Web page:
Walmart sells just about everything-from groceries to garage doors to guns. But, they don't sell fighter jets (at least, not yet). So, why would they need to contract with the defense contractor, Lockheed Martin?

Turns out that Lockheed Martin, has a division that does intelligence gathering, and Walmart hired them to gather data on pro-union employees and activists. Walmart has made no secret that they oppose the unionization of their employees. Union activists have been trying to unionize Walmart's workforce with little success. But, is Walmart's strategy of hiring a company to spy on people a good one?

Walmart is facing a hearing in front of the National Labor Relations Board (NLRB), and as such isn't commenting other than to say, via an email to Bloomberg Businessweek:

We are firmly committed to the safety and security of our 2.2 million associates as well as the 260 million customers we serve each week. It's important to remember that Walmart is the largest company in the world with 11,500 stores in 28 countries. Unfortunately, there are occasions when outside groups attempt to deliberately disrupt our business and on behalf of our customers and associates we take action accordingly.

The NLRB is very pro-union and recently changed the rules on union elections to speed up the process, which will most likely be a help to unions. Walmart is understandably worried.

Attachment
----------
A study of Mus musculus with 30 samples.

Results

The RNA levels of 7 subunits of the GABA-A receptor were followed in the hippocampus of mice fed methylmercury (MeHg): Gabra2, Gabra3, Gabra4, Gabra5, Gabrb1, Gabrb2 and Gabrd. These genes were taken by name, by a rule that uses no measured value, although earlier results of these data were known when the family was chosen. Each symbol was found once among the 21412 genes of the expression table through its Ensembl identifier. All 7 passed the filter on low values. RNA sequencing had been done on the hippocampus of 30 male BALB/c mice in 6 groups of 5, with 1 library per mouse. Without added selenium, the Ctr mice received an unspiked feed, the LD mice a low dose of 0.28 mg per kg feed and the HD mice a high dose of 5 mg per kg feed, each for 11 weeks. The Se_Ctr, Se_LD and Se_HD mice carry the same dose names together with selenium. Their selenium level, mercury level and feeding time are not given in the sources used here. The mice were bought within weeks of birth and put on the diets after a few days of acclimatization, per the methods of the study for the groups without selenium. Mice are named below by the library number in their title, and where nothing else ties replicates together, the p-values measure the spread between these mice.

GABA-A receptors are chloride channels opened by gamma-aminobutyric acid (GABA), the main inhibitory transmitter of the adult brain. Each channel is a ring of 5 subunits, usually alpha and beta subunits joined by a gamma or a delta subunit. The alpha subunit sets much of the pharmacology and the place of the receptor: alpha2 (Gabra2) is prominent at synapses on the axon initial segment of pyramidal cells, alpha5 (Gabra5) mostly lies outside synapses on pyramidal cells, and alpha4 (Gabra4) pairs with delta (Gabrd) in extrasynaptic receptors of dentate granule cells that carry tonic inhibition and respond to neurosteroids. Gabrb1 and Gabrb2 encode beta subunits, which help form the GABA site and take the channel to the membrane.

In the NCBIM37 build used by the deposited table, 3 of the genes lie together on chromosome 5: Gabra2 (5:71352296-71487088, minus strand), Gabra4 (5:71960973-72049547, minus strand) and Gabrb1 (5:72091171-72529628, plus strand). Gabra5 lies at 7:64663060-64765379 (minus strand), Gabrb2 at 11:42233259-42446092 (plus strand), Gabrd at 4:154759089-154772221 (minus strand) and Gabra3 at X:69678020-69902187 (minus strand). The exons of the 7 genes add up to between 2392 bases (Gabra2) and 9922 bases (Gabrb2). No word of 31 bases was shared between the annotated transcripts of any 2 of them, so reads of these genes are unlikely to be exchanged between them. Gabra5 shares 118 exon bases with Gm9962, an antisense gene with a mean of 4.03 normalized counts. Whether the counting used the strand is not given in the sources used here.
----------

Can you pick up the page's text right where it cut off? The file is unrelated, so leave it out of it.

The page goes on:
Should you spy on your employees if you suspect they are leaning towards unionization? Most companies can't afford to hire a defense contractor to spy on employees, and depending on how the NLRB rules on the Walmart case, may or may not be illegal.

Spying is legally sketchy at best, and I wouldn't recommend going down that path unless you have an army of lawyers that can carefully craft a plan. What should you do instead? Employment attorney Jon Hyman suggests a TEAM approach to preventing unionization at your workplace. TEAM stands for:

Train supervisors

Educate employees

Affirm the open door

Modernize policies

Train your supervisors on how to act and respond if they hear any talk of unionization. Remember, this can be a legally tricky situation, so proper training is a must.

Educate your employees on why it's best to keep unions out of your company. For instance, Hyman suggests pointing out that you've had a peaceful history of discussions between management and employees, and that it's unnecessary to have a third party intervening.

Affirm the open door means management needs to be constantly listening and responding to what they hear. If employees are punished when they bring up problems, they will go around the management instead of working with the management.

Modernize your policies. Think everything is the same today as it was last year? The new union election policies have only been in effect for six months. Do you think they will be the same in another six months? Maybe, maybe not. You should have at least an annual review policy so that everything is up to date. Double check with your employment attorney.

If you want to build a culture of distrust, spy on your employees, refuse to hear feedback, and speak negatively about unions. The result could be a unionization that you don't want. Be pro-active and above board, and keep your eye on this spot for how the spying case comes out.